A group of women and men of all ages sitting and standing around a table.

The term “ageism” was first used in 1969 by Robert N. Butler, M.D., a renowned American physician and the first director of the National Institute on Aging. Ageism is a form of discrimination where people are mistreated based on their age. It is rooted in a lack of knowledge, prejudice, and stereotypes. Dr. Butler remarked in one of his publications “In America…childhood is romanticized, youth is idolized, middle age does the work, wields the power and pays the bills, and old age, its days empty of purpose, gets little or nothing of what it has already done. The old are in the way.” Despite being a form of discrimination, ageism is often not taken seriously, and it is even considered one of the last socially acceptable prejudices.

In celebration of Older Americans Month, which is celebrated every May, the NIH is excited to announce the establishment of the Aging Employment Portfolio. Through this new addition to the NIH Special Emphasis Programs, EDI will combat ageism and address the employment lifecycle for NIH employees who are 40 years old and older. In addition, as the Strategist for the Aging Employment Portfolio, my goal is to increase awareness and understanding of negative stereotypes and discriminatory practices against the aging community.

If we dig deeper into ageism, we will see three dimensions that interact with and influence each other. These dimensions are:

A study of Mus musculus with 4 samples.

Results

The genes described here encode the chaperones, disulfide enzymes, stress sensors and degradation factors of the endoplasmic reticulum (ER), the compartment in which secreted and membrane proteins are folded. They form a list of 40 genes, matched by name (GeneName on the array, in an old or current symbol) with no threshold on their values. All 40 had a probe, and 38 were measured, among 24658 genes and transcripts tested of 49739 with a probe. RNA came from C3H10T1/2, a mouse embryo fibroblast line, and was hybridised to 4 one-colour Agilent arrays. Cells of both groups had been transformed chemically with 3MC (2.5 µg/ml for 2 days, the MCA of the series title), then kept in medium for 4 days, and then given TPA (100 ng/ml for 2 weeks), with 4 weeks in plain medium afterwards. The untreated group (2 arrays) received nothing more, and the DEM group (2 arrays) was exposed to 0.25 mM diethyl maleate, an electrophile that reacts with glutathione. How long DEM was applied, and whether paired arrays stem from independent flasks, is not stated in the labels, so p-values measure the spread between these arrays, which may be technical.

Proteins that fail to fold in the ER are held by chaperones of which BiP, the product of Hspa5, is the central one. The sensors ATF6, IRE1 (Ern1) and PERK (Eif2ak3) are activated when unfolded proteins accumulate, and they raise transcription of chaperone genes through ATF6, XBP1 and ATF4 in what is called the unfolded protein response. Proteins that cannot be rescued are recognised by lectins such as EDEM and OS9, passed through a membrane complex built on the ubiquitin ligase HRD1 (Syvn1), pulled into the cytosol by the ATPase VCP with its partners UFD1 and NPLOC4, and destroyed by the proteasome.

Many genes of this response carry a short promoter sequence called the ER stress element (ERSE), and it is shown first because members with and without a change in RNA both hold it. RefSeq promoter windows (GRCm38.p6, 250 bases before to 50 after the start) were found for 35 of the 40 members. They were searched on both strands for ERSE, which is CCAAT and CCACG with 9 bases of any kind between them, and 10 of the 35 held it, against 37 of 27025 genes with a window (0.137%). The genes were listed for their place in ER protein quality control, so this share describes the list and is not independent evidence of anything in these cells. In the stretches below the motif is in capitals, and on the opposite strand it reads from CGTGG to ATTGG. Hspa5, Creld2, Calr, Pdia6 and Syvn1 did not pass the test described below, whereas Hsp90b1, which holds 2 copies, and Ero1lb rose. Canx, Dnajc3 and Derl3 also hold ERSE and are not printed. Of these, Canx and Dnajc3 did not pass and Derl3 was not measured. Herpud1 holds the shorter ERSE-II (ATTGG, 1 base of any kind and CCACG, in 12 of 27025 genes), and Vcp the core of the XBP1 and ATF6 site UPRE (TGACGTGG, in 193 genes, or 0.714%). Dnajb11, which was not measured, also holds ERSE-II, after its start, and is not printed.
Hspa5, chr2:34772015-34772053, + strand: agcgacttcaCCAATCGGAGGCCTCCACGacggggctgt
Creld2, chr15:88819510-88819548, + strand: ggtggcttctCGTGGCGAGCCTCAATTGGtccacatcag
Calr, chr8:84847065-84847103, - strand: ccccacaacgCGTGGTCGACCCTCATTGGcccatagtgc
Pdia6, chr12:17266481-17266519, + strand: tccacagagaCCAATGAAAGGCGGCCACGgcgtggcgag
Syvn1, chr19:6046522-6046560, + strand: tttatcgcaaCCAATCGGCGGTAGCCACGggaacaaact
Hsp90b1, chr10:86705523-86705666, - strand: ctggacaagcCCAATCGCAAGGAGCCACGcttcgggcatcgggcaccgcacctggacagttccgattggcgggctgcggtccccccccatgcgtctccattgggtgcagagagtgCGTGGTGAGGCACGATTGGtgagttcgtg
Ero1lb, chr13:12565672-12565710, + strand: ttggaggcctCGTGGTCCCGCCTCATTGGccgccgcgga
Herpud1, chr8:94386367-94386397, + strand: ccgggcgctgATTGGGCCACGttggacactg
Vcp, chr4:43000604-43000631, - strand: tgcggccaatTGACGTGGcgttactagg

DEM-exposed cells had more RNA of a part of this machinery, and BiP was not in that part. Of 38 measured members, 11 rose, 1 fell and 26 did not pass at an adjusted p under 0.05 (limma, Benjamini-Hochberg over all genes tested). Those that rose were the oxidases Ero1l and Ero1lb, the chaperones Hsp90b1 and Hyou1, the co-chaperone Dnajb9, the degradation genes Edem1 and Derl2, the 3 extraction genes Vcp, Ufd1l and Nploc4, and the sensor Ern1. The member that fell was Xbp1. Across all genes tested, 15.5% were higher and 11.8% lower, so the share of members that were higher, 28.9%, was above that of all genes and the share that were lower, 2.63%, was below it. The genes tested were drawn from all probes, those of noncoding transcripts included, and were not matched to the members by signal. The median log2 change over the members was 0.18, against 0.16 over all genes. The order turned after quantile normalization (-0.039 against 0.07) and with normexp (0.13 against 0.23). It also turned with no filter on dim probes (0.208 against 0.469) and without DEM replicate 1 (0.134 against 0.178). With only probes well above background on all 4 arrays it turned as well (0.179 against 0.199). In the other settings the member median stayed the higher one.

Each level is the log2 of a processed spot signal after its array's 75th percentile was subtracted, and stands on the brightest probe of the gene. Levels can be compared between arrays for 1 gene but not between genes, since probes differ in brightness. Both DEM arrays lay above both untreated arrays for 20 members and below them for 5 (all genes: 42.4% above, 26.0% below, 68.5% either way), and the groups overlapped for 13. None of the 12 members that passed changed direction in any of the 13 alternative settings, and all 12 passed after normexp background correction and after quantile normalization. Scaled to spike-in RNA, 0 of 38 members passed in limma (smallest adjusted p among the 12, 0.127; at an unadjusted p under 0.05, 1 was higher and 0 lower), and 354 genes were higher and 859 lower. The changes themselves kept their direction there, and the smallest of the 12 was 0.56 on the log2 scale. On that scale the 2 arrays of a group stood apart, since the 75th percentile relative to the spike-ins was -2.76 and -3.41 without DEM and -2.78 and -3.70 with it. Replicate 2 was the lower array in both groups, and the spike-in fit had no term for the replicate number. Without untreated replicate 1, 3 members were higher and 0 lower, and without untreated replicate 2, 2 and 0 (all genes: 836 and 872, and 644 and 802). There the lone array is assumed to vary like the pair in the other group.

• Using stereotypes to apply generalizations and preconceptions to individuals based on their social group membership. These beliefs and expectations are stored in our cognitive structures and can lead to unfair treatment and discrimination.
  • Applying prejudice by using preconceived opinions or attitudes about a person based on their perceived group membership. It can contribute to the creation or maintenance of hierarchical status in the relations among groups.
  • Relying on discrimination by creating distinctions between individuals based on their perceived or actual membership in a social group. Whether it takes the form of actions, practices, or policies, discrimination can cause severe disadvantages.

Several interconnected factors can influence ageist attitudes and reinforce each other. These include:

  • Institutional ageism explains the discrimination of individuals based on age and is perpetuated by laws, policies, and social norms.
  • Interpersonal ageism describes how individuals interact with each other and treat persons differently based on their age.
  • Self-directed ageism defines a self-imposed negative attitude toward aging or one’s own age group.

The Age Discrimination in Employment Act of 1967 is a landmark legislation that prohibits employment discrimination against individuals who are 40 years of age or older. Examples of discriminatory activities include:

  • refraining to hire or promote employees
  • limiting access to training opportunities
  • encouraging or forcing retirement
  • using negative language when speaking to or about older employees
  • excluding employees from attending meetings and pushing them to the sidelines
  • asking a job applicant to provide their age (e.g., date of birth) during a job interview

I look forward to sharing information with you in the months ahead, including more on partnerships that will help bring additional education and awareness around the older adult population. In the meantime, I encourage you to read The Arduousness in Proving Age Discrimination and Title VII Q&A: Age Discrimination.

If you believe you have been discriminated against based on your age, you can contact the EDI Resolutions and Equity Division within 45 days of the incident.

Do you have a story idea for us? Do you want to submit a guest blog? If it's about equity, diversity, or inclusion, please submit to edi.stories@nih.gov.